As UK based retailers continue to battle against increasing energy bills and overhead costs, it has been revealed this week that B&M – one of the nation’s most popular discount retailers – has made the decision to stop offering home delivery services to customers.
The service, initially introduced by the retailer in June 2022 on a trial basis, was offered on a range of around 1,000 heavier products sold in store – including garden and indoor furniture and electrical equipment.
Commenting on this decision from B&M, Nick Drewe, founder of online discounts platform Wethrift, says:
“As Britons continue to navigate through the ongoing cost of living crisis, many consumers have decided to cut down on spending where possible. For some living in cities or more heavily populated towns, this has resulted in the decision to become a carless household, and rely on public transport to eliminate the associated costs of petrol, insurance and vehicle tax.
“Unfortunately, when hugely popular retailers such as B&M decide to scrap their online delivery services, it’s these customers who don’t have access to a vehicle, who find themselves in a difficult situation. When looking to purchase heavy or bulkier items from B&M that they cannot simply carry or transport themselves via a bus, tube or train ride, they will now need to explore other options.
“These options could include seeking out a friend or family member who has access to a vehicle and can help them collect an item in-store. However, this could cause issues for those who are caring for small children at home or who may have accessibility issues.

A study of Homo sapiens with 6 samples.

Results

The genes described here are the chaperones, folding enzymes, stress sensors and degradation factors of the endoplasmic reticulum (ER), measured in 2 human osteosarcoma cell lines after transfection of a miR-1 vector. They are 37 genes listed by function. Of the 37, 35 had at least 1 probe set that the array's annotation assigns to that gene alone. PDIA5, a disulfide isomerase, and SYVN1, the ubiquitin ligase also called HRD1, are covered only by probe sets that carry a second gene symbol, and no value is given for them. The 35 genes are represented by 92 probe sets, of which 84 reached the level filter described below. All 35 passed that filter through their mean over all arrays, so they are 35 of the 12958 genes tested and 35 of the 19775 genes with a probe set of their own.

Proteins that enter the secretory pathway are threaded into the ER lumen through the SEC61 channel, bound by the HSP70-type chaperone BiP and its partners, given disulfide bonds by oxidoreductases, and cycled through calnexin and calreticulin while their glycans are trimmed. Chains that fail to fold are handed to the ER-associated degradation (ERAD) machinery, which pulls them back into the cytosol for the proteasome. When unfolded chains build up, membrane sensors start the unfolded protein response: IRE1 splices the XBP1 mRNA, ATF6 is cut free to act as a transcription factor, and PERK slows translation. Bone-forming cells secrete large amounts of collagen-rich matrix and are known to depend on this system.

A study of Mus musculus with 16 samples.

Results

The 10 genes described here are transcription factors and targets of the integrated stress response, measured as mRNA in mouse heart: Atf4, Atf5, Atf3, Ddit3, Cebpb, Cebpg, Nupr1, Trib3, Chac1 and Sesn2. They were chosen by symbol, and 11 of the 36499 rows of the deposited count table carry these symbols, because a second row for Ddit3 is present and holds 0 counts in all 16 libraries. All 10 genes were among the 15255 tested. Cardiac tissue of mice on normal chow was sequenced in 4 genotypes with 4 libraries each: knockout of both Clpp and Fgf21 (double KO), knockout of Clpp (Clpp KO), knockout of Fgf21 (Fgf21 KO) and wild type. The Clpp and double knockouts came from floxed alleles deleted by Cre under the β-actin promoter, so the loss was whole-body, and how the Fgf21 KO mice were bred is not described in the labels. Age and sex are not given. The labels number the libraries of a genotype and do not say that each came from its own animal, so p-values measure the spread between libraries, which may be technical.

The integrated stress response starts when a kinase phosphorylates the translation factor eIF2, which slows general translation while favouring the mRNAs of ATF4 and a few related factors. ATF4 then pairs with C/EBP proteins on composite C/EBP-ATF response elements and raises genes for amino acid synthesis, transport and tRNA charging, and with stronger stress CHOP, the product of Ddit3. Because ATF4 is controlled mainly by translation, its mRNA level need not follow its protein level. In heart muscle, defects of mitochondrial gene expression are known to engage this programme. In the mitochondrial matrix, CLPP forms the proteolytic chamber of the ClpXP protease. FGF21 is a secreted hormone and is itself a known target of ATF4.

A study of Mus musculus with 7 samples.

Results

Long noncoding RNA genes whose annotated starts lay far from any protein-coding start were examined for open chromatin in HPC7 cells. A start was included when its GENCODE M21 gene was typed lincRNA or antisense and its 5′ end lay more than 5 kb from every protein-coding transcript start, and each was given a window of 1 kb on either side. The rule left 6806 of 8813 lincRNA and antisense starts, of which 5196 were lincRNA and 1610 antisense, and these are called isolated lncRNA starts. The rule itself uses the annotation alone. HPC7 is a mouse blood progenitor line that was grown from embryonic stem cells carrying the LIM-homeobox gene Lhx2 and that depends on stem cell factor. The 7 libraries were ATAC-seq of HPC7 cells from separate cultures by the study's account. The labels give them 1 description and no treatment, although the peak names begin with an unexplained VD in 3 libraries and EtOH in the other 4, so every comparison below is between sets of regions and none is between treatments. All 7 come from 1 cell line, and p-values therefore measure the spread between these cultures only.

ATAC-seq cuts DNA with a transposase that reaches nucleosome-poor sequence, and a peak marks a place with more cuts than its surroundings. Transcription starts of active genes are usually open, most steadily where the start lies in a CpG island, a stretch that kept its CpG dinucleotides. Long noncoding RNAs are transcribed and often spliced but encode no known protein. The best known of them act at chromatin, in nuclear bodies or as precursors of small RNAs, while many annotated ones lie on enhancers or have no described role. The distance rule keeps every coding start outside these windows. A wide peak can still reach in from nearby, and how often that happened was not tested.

“Alternatively, some customers may also feel as though their only option is to instead look to purchase their heavier items from other retailers, such as B&Q, Homebase, Argos or Dunelm that are still able to offer home delivery services to customers unable to arrange their own collections.
“Unfortunately, these retailers also tend to have higher cost points than the likes of B&M and other discount stores like Home Bargains – which interestingly enough does still offer a delivery service to customers purchasing large furniture items or who spend more than £150.
“Regardless of how insignificant the decision makers at B&M believe scrapping online delivery services is, there will undoubtedly be a large number of individuals and families up and down the UK – each with their own personal set of circumstances – that will no longer be in a position to stay loyal to the brand as a result of the move.”